Monday’s Mtg: “Conscience Clauses:” Faith and Obeying the Law

When does having a strong moral objection to the law allow you to refuse to obey it?  Not very often – try it next time you’re stopped for speeding.  But, “conscience clauses,” provisions in law that allow people to refuse to obey it if they have a religious objection, have been around for years.  This is as we’d expect in a religious country founded on secular governing principles.  But, conscience clauses are making a big comeback, thanks to conservatives.  GOP-controlled states are stampeding to pass laws that carve out religious objection exceptions to laws concerning contraception access, GLBT equality, and other areas where the religious right is losing the broader culture war argument.

This topic has been in the news a lot lately.  Some employers have sued over the Obamacare requirement that their health plans cover contraception.  Some religious employers already are exempt from the requirement, but not enough are to please many conservatives.  I’ll explain what’s going on.  But, just being in the news is not enough to merit being a weekly topic in our group.  I think conscience clauses have a bigger importance than just how they relate to Obamacare implementation.  I believe that the idea that people should be exempt from some requirements of laws they don’t like  is edging towards becoming a core belief of modern conservatism.  To me, this idea that some duties of citizenship are kind of, well, voluntary, is a real slippery slope.  That’s why I wanted conscience clauses on our schedule.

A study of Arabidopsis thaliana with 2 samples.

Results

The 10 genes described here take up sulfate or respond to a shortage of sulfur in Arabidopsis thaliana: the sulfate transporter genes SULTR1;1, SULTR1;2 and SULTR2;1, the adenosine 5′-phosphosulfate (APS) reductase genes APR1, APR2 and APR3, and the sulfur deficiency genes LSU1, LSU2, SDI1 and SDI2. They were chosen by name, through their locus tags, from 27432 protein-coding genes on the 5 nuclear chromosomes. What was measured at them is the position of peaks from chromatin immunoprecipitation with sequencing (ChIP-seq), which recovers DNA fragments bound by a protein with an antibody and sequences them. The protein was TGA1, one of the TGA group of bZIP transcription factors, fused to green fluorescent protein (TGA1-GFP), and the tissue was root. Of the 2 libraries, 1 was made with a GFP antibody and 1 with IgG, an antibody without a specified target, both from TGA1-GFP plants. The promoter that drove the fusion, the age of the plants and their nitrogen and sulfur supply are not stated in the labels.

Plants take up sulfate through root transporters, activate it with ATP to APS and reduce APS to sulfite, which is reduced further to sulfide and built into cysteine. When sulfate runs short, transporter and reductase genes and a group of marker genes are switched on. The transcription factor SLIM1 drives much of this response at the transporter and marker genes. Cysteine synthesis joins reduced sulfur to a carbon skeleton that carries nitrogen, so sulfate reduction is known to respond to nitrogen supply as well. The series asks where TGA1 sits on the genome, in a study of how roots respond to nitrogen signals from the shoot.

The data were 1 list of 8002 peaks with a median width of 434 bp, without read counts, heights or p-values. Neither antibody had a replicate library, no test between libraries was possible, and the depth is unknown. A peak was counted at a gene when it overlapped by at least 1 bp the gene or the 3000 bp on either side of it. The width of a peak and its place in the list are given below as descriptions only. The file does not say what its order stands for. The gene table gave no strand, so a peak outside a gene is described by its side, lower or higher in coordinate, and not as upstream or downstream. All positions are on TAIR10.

On Monday, I’ll open by explaining (1) what conscience clauses are and their history; and (2) the latest developments in this area (it’s not just Obamacare).  Then, I’d like us to discuss whether today’s conservatives really are trying to redefine the notion of citizens’ responsibilities, or if it’s just the old federalism philosophy being dusted off for an era when they don’t control the national government.


  1. What is a conscience clause?  What is the history of this legal idea and its justification?



  1. James H. Zimmerman | Reply

    One important point here: Are these moral principles to apply to oneself, or to other people?

    Religionists often argue that requiring them to obey the law violates their religious principles. To this there are two answers. First, the Supreme Court has consistently held that religion is not an excuse or pretext to violate the law.

    Second, and more generally, no one has ever argued that, for example, Catholics should be made to have abortions or practice birth control. For Catholics, the teachings of Holy Father are infallible, and they have to obey. (But why would anyone be a Catholic? I have no answer).
    However, they want to go beyond this, and have Holy Father’s teachings apply to everyone, in secular law.

    This is what I find to be incomprehensible and outrageous.

  2. Another big issue with conscience clauses has to do with vaccinations. See this Slate article. http://www.slate.com/articles/health_and_science/medical_examiner/2013/02/pertussis_epidemic_how_vermont_s_anti_vaxxer_activists_stopped_a_vaccine.html. It’s certainly affecting our public health.